I want to focus on one crucial element in the hat’s production journey: weaving. The act of weaving the hat is so unique, skilled, respected and culturally significant that in 2012 UNESCO declared it an Intangible Cultural Heritage (ICH). UNESCO’s list of ICH’s includes a diverse array of “practices, representations, expressions, knowledge or skills considered to be part of a place’s cultural heritage”.
Like me, at first you might not know what that is, so let me enlighten you. Cultural heritage is not limited to objects and moments, it also includes living and breathing expressions and traditions handed down from generation to generation, these can include songs, music, dance, drama, cuisines and so on. They are broken down into five main categories: 1) oral traditions and expressions; 2) performing arts; 3) social practices, rituals and festive events; 4) knowledge and practices concerning nature and the universe; and 5) traditional craftsmanship.
There are over 400 items from all around the world on the list, examples include the Mediterranean diet, Cuban rumba, Ma’di bowl lyre music, the art of Neapolitan “Pizzaiuolo” (pizza making), yoga in India, Dutch windmill makers, China’s 24 Solar Terms and Jeju Haenyeo, the women diver on Jeju Island in South Korea.
The recognition of all ICHs, including the traditional weaving of the Ecuadorian toquilla straw hat (aka Panama hat), is an important factor in maintaining cultural diversity and demonstrating mutual respect for other ways of life. The continued use of the Panama hat as part of everyday clothing and in festive contexts is a distinctive mark of the
Ecuadorian communities perpetrating this tradition and part of their cultural heritage.
The importance of ICH is not the cultural manifestation itself, but rather the wealth of knowledge and skills that is transmitted through it from one generation to the next. The weavers are mostly peasant families and it’s through observation and imitation that transmission of weaving techniques occurs within the home from an early age.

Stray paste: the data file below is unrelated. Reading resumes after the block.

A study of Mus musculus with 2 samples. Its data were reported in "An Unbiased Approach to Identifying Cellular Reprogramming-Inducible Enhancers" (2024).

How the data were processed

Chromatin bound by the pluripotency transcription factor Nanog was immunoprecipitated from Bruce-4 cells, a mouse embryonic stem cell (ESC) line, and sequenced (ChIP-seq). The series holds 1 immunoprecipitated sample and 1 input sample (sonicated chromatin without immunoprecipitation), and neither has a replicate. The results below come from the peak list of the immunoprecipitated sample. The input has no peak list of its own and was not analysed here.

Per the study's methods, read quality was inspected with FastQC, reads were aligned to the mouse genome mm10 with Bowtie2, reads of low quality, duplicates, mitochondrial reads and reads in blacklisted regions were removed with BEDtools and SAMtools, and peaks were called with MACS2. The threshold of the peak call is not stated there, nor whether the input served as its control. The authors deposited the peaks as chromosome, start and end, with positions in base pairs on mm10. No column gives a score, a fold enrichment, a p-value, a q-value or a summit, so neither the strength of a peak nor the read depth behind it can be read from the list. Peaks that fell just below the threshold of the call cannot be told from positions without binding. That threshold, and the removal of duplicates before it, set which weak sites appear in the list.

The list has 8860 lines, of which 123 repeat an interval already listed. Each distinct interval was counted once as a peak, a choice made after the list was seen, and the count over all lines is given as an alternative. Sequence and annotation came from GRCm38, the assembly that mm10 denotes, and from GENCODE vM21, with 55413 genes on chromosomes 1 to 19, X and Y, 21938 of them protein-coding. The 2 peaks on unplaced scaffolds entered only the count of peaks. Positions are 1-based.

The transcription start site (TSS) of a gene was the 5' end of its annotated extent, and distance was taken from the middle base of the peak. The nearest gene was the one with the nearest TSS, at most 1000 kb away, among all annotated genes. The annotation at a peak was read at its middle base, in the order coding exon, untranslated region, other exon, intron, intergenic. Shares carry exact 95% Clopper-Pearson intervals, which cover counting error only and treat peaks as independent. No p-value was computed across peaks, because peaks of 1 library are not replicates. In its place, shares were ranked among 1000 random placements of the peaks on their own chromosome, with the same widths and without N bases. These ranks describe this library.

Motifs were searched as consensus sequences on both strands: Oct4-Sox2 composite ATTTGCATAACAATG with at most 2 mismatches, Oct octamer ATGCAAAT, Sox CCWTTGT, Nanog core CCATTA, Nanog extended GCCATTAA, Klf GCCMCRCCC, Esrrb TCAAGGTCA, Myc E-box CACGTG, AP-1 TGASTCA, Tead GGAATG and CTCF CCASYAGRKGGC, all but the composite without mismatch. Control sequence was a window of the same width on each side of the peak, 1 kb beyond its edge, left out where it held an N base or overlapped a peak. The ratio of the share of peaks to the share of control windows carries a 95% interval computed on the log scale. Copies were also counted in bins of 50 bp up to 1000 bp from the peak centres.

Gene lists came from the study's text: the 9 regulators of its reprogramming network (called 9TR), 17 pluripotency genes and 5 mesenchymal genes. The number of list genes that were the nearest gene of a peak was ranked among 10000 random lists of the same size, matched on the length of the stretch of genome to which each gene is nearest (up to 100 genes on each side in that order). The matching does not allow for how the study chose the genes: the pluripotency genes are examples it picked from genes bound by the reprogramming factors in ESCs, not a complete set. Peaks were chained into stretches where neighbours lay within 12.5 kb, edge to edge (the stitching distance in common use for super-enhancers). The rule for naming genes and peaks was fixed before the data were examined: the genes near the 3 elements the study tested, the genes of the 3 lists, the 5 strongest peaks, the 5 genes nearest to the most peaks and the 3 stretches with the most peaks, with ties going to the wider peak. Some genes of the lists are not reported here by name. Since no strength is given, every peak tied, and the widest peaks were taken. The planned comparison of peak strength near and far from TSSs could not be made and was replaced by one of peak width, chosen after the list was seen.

As far back as 4,0000 BC ceramic figurines wearing curious hats have been found on the Ecuadorian coast. More precisely, in the year 1630 the artisanal production of the hats was begun in earnest. The hats are woven from palm tree fibres (para toquilla) only found on the Ecuadorian coast. Farmers cultivate and harvest the plants before separating, boiling, bleaching and drying the fibres.
Skilled weavers in another village then take this raw material and begin weaving the crown (“rosette”) and the brim of the hat. Depending on the quality and finesse of the weaver and desired hat, the weaving can take from one day to eight months to complete. For example, in the coastal community of Pile, they produce extra fine hats that require an exact number of points in each row of weaving. It’s no wonder UNESCO has declared this amazing weaving skill a sacred one that deserves protection and admiration.
Now you know why the Panama hat’s cultural significance is so great, it’s time to get one of these classic pieces on your head! I am very proud to stock ten different types – Fedora (classic and premium), Vizor, Stella, Romy, Diana, Bianca, Coco, Colonial, Jacky, Jimmy – of Panama hat in my store, you can browse the full collection here.
In my next blog, you’re going to learn about the complicated process to produce a Panama hat. Stay tuned!